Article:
Richard Hepworth, Managing Director, Trelleborg Marine Systems
Some of my colleagues will be attending the Prevention First Conference in Long Beach, California at the end of the month. The conference discusses a number of issues that are important to us and the wider industry, so it’s a great platform to exhibit our products and solutions, and to meet with the wider industry and share ideas and best practice.
At the conference, we’ll also be discussing some new tests that we’ve recently developed. These analytical and physical tests help buyers to determine the quality of rubber through chemical composition analysis.
We took samples from two commercial sized fenders (ours and a low cost suppliers) and sent them to an independent third party laboratory, where they were tested using our newly developed methods.
The results revealed that low cost fenders are made of low grade recycled rubber and have inferior mechanical properties. There was a significant difference in performance between the two fenders during compression tests.
Our research indicated that rubber composition has a profound effect on the durability and performance of the fenders. Moreover, the velocity and temperature factors are significantly affected by the composition of the rubber compound. Velocity and temperature factors are key when setting out to accurately calculate the performance of a fender.
Determining accurate performance of marine fenders means maximum protection of the port infrastructure and the vessels that come to berth there.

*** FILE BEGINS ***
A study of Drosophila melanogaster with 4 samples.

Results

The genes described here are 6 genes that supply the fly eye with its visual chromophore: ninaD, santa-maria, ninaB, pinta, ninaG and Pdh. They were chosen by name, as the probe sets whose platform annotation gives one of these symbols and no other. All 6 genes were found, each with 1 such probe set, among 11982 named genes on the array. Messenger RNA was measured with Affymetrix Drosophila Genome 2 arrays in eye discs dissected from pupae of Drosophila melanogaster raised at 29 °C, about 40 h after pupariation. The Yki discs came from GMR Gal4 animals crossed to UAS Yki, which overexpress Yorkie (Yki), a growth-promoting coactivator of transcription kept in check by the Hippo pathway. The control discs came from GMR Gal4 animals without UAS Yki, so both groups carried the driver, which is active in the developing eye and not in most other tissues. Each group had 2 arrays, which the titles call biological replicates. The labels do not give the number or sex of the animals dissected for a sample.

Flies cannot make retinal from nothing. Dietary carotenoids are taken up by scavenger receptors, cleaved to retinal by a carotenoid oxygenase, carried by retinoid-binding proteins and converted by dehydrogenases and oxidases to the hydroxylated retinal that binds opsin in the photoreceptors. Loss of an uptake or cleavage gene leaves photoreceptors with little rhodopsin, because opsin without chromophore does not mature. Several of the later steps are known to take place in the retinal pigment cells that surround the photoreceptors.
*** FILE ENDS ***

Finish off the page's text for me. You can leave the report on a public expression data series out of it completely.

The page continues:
Our research results showed that rubber fenders that are produced mostly from synthetic rubber have far higher velocity and temperature correction factors when compared with natural rubber based fenders. Our findings also indicated that higher percentages of recycled rubber in the rubber formulation lead to a substantial overall reduction to the life cycle and the performance of fenders.
Cheap fenders offer an upfront cost saving at the expense of both performance and longevity. As is often the case, you get what you pay for, and what appears to be “lower cost” probably is, due to the fact that it is made of low cost materials. One should consider the impact this has to overall operating costs, including more frequent fender replacement, higher maintenance costs and down time.
To give it its full name, the “Prevention First: An Onshore and Offshore Pollution Prevention Symposium & Technology Exhibition” will take place on the 23rd and 24th October 2012.
The exhibition will host over 400 representatives from a range of backgrounds within the public sector and private industry, if you’re one of them, be sure to stop by booth 30 to find out more about our test methods and our findings.